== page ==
Nevermind is made up of the stuff of nightmares, literally.
First created as a master's thesis project at USC's Interactive Media Program, Nevermind is a game that virtually drops you into the terrors of a trauma patient and uses the player's real heart rate to tweak the difficulty of the game and hone its ability rattle the player.
Now, developer Erin Reynolds wants to turn Nevermind into a full-fledged game and, perhaps, a tool for healing the traumatized. Earlier this year, Reynolds launched a Kickstarter seeking a quarter of a million dollars to help realize her dream.
With about a week left, and nearly $200,000 to raise, Reynolds remains optimistic about her chances of succeeding.
"I'm really excited that I'm getting to take Nevermind to it's full vision and improving on it from there," Reynolds said. "Kickstarter has been amazing, it's amplified all of the positivity we've seen around Nevermind since 2012.
"I think a lot of people are excited about biofeedback but also the potential for games to give back to the player and sort of humanize trauma and PTSD."
In its current state, players enter into the subconscious minds of trauma victims, walking through the effluence of their nightmares to try and piece together the origin of their trauma. While a heart rate strap isn't required to play the game, using one significantly changes the experience.
There's only one level, one story to unravel in the early version of Nevermind. Entering a female patient's subconscious, players find themselves in a grassy clearing near a tree and a fragmented house. To discover the source of the trauma, players need to explore the area, solving puzzles and looking for photographs which can then be used to recover suppressed memories.
In my hour or so playing the game, the view into this surreal world would sometimes become obfuscated with static, a sign that my heart rate was rising. While exploring some rooms my heart rate dictated how hard it was to find a clue or survive a flood. Later, if my heart rate increased the world would become jarringly distorted and filled with blaring music.
The point of all of this was two fold, Reynold said: To create a biofeedback-enhanced horror adventure game and to train people to recognize and deal with their own stress. And it works. Not only was the game obviously tuned to my emotional state, by the end of the journey I found myself pausing and taking a deep breath to slow my heart rate and more calmly tackle the nightmares that confronted me.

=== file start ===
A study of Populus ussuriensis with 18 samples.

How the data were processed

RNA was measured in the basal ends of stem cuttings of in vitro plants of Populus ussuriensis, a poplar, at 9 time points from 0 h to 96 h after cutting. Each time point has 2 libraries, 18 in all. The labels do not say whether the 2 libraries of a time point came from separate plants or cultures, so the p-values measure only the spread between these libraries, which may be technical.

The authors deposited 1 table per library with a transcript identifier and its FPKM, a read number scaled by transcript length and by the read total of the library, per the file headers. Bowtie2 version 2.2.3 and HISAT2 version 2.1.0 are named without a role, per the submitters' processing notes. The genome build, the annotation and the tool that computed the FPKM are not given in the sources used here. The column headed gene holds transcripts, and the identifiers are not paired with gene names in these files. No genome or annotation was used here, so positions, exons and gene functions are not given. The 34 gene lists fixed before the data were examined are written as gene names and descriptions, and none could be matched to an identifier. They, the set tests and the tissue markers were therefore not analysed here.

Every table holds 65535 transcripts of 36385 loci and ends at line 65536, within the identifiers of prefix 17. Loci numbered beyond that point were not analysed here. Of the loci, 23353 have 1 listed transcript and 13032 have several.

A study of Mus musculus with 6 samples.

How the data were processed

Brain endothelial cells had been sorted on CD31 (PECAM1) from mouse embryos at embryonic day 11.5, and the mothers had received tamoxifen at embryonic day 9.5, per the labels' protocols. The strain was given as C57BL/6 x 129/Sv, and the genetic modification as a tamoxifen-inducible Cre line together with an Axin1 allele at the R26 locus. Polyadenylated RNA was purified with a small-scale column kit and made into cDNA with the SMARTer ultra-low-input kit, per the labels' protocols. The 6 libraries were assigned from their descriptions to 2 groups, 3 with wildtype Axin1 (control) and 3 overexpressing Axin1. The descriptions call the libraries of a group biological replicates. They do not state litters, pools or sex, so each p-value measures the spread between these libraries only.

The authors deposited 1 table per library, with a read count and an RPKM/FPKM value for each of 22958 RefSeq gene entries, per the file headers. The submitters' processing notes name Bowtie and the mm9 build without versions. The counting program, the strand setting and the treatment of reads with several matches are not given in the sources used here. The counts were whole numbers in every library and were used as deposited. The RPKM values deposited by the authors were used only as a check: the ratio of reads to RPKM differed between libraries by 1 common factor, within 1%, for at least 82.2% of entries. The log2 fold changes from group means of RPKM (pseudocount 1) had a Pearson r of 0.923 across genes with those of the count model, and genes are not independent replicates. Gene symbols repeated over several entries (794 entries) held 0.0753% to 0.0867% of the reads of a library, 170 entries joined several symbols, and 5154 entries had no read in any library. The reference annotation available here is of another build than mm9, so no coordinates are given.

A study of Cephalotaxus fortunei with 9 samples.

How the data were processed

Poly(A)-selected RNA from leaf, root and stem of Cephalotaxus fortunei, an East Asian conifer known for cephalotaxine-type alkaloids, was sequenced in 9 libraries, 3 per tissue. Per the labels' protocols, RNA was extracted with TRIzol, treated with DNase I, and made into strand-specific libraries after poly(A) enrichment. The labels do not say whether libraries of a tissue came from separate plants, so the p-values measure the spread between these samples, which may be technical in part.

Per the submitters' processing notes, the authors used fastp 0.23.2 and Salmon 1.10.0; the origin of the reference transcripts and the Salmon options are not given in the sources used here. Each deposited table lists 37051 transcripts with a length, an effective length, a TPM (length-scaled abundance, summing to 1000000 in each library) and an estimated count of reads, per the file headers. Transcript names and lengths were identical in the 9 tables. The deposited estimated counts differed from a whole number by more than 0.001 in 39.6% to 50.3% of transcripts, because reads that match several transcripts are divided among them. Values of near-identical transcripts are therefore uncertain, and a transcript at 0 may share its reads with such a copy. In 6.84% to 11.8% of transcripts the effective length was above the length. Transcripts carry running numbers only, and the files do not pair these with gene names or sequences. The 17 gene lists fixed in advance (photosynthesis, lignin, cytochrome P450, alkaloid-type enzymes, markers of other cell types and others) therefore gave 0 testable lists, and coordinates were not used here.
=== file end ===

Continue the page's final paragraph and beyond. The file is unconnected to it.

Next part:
"I think in its current state it's a really great tool for every day people to get a sense of mindfulness," Reynold said, "of being able to connect that tension in the pit of your stomach to stress and a physiological reaction."
If the Kickstarter is successful, the plan is to rework the existing level to make it better and then create at least three more levels, each plunging the player into a different subconsciousness as they hunt through different sorts of trauma.
The current plan is to create the game for PC and Mac, but Reynolds is already looking into the possibility of supporting the virtual reality Oculus Rift headset. She's also been talking to Microsoft about bringing the game to the Xbox One.
While using biofeedback on the PC or Mac would likely still require a heart rate monitor, the Xbox One's Kinect camera has built-in technology that in theory could mean players could just use a controller to play the game. The console's camera can detect slight changes in blood flow in the face and use that to determine the heart rate. Reynolds said that everyone she's spoken to about the tech believes that it would support Nevermind's use of biofeedback.
"We've been talking to Microsoft about that," she said. "We're really excited about the Kinect technology and they're definitely open to the idea."
Reynolds, who left her job at Zynga to completely focus on the game, has also been speaking with people in the medical field about creating a version of Nevermind that could be used to treat anxiety stress disorders.
"What we've been talking about is how we can use this to teach people how to manage anxiety on the fly," she said. "We've also looked into using it for stress inoculation therapy for people with stressful jobs like EMTs or soldiers or people who will be facing terrible, stressful situations."
While the game can be played without biofeedback, it's not as effective. But Reynolds doesn't seem worried about asking players to use a heart rate monitor. In general, she says, people are more used to the idea of wearable technology now.
"Everyone has a Fitbit or Nike Fuelband," she said. "Wearable tech is becoming a ubiquitous part of culture, so people are much more open to it, especially when it's technology that makes it easier to be a better you."
And that's what Reynolds hopes to do with her future games as well.
"Games have a huge potential for helping people," she said. "For me, no matter what I work on, in many ways I'll be straddling that line between entertaining and helping people. If no one wants to play a game designed to help them it's not going to do anyone any good."
Good Game is an internationally syndicated weekly news and opinion column about the big stories of the week in the gaming industry and its bigger impact on things to come. Brian Crecente is a founding News Editor of Polygon.